In January, I am lucky enough to be visiting New York for the first time with my course. Being unfamiliar with the city and the US in general, the first thing I did of course, was get on Google to have a peek at where I’ll be staying. It’d been described to us as belle époque and shabby chic, and what I found was beautiful, until I saw this:
Built in 1904, the Wolcott Hotel relies on it’s history and early 1900’s antique decor to keep guests coming. In it’s early days the hotel was a luxurious and high end destination in it’s prime, in a modern and newly upmarket area of New York. It attracted several famous guests, such as writer of Adventure of Huckleberry Finn, Mark Twain, in it’s opening year, and in the late 50’s Buddy Holly was a guest.
One of the survivors of the Titanic, Dr. Washington Dodge, also found refuge and reprieve there and it was during his stay at the Wolcott that he wrote an account of his experience. It’s been owned by Scott Erlich since 1975, and he’s been meticulously restoring it to its 20th century prime. I can’t wait to walk into the stunning lobby.
“So much of New York happened here”
Guests have previously reported seeing children playing and running around the corridors and stairs, whilst staff have heard a radio in the retired ballroom and staff cafeteria, but when they get there, it’s switched off. No one is in the room.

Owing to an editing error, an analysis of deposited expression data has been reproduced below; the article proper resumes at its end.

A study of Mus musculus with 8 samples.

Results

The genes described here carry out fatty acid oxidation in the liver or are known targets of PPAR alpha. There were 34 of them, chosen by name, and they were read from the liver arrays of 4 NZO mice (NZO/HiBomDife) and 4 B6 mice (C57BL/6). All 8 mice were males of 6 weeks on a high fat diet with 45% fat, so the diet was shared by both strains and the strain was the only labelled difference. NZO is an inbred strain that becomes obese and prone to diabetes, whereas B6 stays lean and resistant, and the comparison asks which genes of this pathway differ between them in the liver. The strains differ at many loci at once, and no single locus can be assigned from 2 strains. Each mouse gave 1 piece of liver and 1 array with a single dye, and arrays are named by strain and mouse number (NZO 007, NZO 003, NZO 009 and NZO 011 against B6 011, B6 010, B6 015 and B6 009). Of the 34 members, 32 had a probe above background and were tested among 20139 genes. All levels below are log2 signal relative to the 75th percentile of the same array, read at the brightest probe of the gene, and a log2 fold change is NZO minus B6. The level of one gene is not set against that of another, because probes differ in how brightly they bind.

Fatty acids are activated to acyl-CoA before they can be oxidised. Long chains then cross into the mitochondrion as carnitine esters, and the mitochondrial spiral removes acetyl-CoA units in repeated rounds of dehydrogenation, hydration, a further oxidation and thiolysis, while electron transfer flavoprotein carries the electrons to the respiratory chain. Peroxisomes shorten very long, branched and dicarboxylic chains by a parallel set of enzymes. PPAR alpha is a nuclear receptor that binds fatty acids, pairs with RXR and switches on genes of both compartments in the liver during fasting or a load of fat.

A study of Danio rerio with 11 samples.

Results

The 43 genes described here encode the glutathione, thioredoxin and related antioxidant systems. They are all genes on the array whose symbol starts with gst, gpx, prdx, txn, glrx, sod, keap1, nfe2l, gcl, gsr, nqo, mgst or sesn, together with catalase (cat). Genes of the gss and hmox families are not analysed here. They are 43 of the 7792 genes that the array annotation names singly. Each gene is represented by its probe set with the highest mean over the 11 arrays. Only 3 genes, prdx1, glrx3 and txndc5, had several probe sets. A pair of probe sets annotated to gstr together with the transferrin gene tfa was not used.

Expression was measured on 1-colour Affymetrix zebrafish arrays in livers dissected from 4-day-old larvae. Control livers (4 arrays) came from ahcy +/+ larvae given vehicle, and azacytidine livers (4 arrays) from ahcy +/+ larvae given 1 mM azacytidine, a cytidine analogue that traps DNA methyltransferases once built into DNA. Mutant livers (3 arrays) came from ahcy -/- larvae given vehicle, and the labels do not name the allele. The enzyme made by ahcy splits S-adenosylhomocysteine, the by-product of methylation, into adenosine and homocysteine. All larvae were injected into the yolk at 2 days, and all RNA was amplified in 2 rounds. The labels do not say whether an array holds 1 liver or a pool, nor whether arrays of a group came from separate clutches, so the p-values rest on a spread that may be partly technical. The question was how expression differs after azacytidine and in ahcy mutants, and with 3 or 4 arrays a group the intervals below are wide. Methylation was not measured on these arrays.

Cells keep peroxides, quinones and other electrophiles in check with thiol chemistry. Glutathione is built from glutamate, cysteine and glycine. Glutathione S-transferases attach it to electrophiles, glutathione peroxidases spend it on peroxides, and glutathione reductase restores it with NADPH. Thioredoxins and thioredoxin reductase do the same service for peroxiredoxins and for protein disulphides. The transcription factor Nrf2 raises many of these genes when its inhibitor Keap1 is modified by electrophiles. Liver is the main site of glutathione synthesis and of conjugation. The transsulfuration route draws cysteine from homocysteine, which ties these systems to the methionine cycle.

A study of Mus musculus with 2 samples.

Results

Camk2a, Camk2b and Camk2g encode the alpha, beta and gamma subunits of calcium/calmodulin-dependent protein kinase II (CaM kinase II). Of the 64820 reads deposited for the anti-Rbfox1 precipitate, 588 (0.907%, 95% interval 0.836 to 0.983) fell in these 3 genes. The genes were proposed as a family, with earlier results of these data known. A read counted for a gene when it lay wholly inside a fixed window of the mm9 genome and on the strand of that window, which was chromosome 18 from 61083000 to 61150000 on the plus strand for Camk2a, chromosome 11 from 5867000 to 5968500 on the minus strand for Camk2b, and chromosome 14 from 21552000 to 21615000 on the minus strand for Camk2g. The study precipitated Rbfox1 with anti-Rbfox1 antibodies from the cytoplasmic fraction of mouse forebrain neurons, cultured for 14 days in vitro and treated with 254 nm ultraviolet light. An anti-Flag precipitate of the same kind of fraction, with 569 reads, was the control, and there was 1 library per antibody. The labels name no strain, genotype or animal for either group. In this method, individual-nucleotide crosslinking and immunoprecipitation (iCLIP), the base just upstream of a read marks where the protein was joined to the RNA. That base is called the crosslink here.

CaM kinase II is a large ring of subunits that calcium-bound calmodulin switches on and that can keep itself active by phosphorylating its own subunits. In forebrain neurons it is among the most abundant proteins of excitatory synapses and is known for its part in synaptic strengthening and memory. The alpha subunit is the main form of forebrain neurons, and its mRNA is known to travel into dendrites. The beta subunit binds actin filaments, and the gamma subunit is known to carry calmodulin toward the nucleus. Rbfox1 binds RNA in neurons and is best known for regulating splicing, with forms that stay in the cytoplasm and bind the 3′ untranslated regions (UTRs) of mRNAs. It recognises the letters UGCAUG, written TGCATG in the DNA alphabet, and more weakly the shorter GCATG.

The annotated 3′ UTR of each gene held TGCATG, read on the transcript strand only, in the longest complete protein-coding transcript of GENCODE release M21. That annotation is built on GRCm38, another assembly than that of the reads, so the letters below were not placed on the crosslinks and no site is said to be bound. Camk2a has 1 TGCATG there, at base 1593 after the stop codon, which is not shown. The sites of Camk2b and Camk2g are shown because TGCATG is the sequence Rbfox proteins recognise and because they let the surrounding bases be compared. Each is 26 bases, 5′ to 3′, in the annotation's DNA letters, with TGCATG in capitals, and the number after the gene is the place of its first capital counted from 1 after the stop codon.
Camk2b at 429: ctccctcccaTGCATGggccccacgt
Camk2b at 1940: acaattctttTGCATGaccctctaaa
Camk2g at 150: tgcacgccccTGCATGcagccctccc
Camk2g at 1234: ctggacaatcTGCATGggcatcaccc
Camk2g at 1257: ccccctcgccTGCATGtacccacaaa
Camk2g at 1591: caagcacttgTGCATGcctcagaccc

Most recent on Erlich’s restoration agenda was the vacant ball room. He wishes to occupy it with an upscale restaurant or bar, as the only usage the ballroom has seen is photo shoots by GQ and Bon Appetit, who saw potential in the impressive architecture.
The owner Scott Erlich apparently said “Usually, people get scared of that sort of thing. Here, it’s part of the charm.”
No, people still get scared. I, still get scared. It’s said there’s a sighting every few years, but I for one hope that that time does not fall on when I’m staying there, because quite frankly, I will not be “charmed”, I’ll be petrified.